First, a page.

Panel eyes three artefacts for return

Panel eyes three artefacts for return

The national committee on repatriation of stolen artefacts will pursue another three historical artefacts displayed in museums in the US and UK, says Itthiphol Kunplome, the culture minister.

"Officials have checked with archaeological database and photos, and ascertained that these objects were artefacts smuggled out of Thailand," Mr Itthiphol told the media on Wednesday.

They are a Buddha statue believed to have been removed from Sap Champa Ancient City in Lop Buri province, and two "sema" (Buddhist's temple boundary markers) believed to have been stolen from Kao Daet Song Yang Ancient City in Kalasin province.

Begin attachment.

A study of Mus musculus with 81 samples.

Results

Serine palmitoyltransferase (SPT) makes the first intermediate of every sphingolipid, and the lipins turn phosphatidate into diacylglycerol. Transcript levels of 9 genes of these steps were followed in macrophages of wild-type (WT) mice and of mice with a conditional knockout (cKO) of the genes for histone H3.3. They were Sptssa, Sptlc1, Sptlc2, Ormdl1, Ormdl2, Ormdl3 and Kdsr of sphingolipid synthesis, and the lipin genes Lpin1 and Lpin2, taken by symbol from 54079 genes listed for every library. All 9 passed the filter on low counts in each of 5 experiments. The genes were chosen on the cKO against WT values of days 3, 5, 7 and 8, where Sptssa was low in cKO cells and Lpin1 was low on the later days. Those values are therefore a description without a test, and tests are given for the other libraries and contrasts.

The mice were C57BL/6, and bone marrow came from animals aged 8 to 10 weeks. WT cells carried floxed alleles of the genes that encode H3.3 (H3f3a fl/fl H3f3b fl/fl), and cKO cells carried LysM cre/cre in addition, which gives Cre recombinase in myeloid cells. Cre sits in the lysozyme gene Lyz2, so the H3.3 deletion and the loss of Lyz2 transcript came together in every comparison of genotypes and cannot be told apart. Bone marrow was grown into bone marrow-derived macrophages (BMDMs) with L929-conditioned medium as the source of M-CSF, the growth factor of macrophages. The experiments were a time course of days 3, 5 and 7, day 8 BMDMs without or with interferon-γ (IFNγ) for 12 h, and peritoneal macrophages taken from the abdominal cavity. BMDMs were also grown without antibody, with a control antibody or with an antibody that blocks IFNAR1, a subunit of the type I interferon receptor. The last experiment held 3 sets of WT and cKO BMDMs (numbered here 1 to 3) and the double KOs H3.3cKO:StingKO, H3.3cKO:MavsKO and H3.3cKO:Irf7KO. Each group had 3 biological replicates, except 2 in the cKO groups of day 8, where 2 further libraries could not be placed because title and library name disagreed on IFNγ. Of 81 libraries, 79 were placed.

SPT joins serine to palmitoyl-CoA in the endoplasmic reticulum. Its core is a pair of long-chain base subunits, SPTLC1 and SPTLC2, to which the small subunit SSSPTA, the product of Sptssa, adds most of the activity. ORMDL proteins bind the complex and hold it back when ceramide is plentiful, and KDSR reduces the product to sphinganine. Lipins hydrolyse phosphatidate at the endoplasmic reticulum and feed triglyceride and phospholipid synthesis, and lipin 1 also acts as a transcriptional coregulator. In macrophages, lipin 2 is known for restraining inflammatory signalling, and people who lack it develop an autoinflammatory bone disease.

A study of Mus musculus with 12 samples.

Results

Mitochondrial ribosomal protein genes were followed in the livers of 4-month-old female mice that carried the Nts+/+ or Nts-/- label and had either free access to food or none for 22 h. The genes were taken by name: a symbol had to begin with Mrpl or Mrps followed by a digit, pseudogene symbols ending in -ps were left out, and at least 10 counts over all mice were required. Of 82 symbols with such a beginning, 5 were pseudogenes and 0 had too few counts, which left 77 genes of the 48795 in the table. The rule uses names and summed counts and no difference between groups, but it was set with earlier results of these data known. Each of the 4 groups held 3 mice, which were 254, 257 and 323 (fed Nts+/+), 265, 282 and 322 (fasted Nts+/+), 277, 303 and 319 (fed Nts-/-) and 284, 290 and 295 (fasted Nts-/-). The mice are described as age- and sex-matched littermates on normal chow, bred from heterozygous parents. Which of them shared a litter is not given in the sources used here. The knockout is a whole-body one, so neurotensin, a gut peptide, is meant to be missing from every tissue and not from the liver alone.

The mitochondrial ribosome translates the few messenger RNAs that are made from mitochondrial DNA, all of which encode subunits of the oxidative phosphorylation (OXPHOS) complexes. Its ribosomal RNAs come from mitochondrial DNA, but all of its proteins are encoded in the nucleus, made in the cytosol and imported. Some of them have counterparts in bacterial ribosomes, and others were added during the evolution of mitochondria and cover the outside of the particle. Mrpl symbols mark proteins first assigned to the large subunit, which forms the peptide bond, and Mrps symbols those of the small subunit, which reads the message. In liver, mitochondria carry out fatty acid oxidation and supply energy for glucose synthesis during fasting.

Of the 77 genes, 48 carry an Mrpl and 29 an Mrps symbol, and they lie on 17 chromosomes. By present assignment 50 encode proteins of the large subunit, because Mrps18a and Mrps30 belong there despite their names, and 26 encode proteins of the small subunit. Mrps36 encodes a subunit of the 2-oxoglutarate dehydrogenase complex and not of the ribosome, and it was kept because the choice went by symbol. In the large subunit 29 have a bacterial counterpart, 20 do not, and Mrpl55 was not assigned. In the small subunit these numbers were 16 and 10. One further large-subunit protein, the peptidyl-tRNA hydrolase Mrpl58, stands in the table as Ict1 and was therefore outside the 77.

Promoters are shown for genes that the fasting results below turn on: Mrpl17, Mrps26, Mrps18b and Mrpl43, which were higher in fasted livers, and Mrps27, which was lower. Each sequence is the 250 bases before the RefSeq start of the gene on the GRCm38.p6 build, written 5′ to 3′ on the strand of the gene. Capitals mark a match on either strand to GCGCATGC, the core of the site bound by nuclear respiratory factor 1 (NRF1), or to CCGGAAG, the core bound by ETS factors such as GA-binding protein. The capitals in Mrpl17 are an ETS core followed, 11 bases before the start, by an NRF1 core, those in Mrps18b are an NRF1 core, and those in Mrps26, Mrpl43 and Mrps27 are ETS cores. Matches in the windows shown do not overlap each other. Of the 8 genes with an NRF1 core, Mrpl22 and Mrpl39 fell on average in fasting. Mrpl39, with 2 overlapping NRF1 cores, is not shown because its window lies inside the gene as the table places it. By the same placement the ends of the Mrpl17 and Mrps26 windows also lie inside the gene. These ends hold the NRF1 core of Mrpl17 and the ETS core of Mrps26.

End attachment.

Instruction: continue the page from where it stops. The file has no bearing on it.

The Buddha statue is on display at the Asia Society in New York City, and the sema objects have been displayed at the British Museum in London.

In a related development, the US state attorney in New York State will today return 13 smuggled artefacts, mostly Buddhist statues, to the Royal Thai Consulate in New York City.

These artefacts are among 1,000 stolen artefacts and antiques which have been confiscated by the US's Antiquities Trafficking Unit (ATU). The ATU has checked and found they are of Thai origin.

They would be sent back to Thailand next month, along with two lintels.

The two lintels -- one originally from the Prasat Khao Lon historical sanctuary in Sa Kaeo and the other from Prasat Nong Hong in Buri Ram -- were believed to have been stolen in the early 1960s and later were found displayed at the Asian Art Museum in San Francisco.

The lintels are to return to Thailand by next month in a ceremony presided over by Prime Minister Gen Prayut Chan-o-cha.

Afterwards, the items will be displayed from May to July at Bangkok National Museum near the Grand Palace.